Windows 2000 or Windows XP has been installed in ACPI mode and that is how it assigns its plug and play resources. This is normal. While most people experience no problems, other people can encounter some problems. Usually it's all assigned to IRQ9, sometimes IRQ11. In theory, this single IRQ is used as a gateway to 255 virtual IRQs above 15. By allowing Windows 2000 to automatically assign your resources, you will not have to juggle IRQ assignments, which lets you install more devices that require IRQs than before. Windows 2000 uses ACPI to manage Plug and Play, device enumeration, the dynamic loading and unloading of drivers, and system power management. In addition, if your motherboard's chipset and BIOS fully support an IO-APIC, the ACPI HAL will allow the system to take advantage of hardware IRQs available above 15. This is especially important on dual processor systems.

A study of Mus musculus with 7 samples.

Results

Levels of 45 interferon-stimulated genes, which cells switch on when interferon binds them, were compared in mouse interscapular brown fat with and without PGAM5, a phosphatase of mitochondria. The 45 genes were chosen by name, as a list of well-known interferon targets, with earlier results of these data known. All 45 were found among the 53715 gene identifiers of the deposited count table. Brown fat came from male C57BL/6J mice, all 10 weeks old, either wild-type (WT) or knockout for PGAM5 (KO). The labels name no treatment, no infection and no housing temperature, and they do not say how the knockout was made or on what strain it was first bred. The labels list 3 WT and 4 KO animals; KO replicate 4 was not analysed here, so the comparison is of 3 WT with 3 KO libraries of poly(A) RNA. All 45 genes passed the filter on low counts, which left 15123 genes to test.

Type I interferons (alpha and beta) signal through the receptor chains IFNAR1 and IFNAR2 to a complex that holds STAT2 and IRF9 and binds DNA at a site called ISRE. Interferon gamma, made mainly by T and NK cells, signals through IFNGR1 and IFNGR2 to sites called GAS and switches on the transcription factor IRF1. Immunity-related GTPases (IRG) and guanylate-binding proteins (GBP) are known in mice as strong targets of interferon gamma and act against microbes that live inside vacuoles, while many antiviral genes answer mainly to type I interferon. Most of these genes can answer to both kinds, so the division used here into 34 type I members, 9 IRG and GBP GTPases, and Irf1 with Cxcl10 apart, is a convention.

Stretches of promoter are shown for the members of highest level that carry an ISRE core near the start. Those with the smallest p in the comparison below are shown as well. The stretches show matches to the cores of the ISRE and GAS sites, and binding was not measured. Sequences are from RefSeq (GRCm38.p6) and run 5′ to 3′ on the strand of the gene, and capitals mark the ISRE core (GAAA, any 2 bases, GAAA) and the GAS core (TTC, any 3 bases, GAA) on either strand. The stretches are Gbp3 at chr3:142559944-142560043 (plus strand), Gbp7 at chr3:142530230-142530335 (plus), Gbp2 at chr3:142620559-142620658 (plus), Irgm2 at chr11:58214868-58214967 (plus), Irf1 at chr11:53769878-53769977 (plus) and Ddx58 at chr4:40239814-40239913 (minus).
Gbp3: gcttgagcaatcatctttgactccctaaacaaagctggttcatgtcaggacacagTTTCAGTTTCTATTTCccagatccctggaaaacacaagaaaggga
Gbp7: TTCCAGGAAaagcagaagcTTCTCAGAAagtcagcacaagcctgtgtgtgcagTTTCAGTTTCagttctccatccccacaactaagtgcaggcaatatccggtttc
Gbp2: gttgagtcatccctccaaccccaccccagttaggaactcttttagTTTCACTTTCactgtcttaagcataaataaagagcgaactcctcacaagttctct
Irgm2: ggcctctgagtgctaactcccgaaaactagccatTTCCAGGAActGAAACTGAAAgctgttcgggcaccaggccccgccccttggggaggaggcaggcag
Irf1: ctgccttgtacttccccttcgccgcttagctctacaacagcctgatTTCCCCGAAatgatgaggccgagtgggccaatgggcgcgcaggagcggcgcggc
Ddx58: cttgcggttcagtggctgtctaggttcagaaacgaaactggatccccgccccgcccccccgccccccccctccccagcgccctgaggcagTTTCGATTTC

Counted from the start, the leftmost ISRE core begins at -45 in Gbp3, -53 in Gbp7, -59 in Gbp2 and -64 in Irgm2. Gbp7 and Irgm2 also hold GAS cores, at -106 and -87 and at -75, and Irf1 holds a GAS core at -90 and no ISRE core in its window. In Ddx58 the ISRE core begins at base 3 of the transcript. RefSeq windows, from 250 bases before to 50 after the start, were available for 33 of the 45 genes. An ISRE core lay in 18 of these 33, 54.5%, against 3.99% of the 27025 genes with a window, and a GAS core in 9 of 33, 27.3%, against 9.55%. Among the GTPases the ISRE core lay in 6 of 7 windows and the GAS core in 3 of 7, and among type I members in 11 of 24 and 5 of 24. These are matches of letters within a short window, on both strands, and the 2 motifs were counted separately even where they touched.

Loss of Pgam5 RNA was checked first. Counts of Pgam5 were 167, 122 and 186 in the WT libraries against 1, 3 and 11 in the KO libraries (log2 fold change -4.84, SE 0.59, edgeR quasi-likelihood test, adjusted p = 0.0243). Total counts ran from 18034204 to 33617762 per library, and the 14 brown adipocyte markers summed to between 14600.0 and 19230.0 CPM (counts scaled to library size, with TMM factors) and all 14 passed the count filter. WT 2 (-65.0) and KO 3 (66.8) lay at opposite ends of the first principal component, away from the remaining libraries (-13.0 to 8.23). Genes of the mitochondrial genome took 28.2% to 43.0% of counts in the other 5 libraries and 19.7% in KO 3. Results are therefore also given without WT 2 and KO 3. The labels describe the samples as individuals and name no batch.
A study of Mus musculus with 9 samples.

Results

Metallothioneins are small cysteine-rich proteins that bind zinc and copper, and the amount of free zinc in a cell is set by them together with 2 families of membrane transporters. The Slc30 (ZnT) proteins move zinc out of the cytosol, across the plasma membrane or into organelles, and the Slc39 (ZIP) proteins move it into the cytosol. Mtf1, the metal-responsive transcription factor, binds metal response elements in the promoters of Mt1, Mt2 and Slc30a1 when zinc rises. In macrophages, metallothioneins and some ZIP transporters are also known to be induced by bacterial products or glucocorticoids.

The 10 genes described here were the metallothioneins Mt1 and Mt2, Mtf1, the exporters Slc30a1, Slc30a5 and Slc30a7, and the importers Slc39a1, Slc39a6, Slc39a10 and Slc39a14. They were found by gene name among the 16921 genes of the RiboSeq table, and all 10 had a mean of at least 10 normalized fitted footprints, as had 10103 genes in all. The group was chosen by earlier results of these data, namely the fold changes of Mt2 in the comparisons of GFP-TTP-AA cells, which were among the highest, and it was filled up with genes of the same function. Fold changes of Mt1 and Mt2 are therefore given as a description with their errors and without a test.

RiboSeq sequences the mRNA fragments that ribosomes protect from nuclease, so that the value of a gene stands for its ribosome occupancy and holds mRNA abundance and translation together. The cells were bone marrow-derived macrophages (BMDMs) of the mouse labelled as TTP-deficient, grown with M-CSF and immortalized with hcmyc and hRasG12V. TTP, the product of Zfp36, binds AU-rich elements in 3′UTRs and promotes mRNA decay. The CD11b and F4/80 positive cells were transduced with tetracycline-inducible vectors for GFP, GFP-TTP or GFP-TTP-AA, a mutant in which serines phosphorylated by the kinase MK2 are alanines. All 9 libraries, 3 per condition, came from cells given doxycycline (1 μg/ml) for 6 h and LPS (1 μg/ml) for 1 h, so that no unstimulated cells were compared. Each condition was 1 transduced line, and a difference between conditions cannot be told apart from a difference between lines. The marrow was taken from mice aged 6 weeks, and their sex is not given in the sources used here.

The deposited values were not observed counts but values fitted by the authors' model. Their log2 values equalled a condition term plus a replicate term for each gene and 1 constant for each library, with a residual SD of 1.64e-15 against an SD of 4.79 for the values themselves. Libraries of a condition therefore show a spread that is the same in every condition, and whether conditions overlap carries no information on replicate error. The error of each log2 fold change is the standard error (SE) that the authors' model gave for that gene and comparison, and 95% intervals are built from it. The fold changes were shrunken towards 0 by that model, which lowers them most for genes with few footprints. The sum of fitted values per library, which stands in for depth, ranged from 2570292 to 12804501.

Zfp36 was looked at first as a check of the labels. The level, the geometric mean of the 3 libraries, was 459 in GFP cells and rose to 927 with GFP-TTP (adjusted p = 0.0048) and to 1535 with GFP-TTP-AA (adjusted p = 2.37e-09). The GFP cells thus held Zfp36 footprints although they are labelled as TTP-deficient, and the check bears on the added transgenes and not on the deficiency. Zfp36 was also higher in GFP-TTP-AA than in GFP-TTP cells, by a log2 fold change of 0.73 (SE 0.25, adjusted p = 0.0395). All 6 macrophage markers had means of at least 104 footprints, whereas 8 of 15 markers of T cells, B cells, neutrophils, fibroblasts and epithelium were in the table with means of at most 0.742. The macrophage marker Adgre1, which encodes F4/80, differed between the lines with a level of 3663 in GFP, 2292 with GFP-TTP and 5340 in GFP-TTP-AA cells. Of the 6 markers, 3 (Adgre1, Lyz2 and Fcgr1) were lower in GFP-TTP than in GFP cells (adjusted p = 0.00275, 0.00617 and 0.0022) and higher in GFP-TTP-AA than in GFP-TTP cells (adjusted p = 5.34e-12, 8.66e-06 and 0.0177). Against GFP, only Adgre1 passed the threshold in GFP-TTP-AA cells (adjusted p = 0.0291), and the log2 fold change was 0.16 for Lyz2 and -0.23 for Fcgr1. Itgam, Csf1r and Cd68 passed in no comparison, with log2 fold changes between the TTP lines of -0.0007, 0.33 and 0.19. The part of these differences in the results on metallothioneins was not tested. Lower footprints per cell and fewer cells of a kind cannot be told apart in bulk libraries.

These are not conflicts: this is IRQ sharing. Most PCI devices, along with AGP video cards, are designed to accommodate and support IRQ sharing.
If you have no problems, it is highly recommended that you leave the assignments alone.
Usually problems with systems installed in ACPI mode can be attributed to hardware, BIOSes, firmware and/or drivers that are not fully ACPI compliant. To avoid problems, you should always use the latest BIOSes, firmware and drivers wherever possible.
Please review your motherboard's PCI Interrupt Request Routing (IRQ) table for card placement. IRQ are hardware lines over which devices can send signals to the CPU. This will tell you which slots on your motherboard are shared.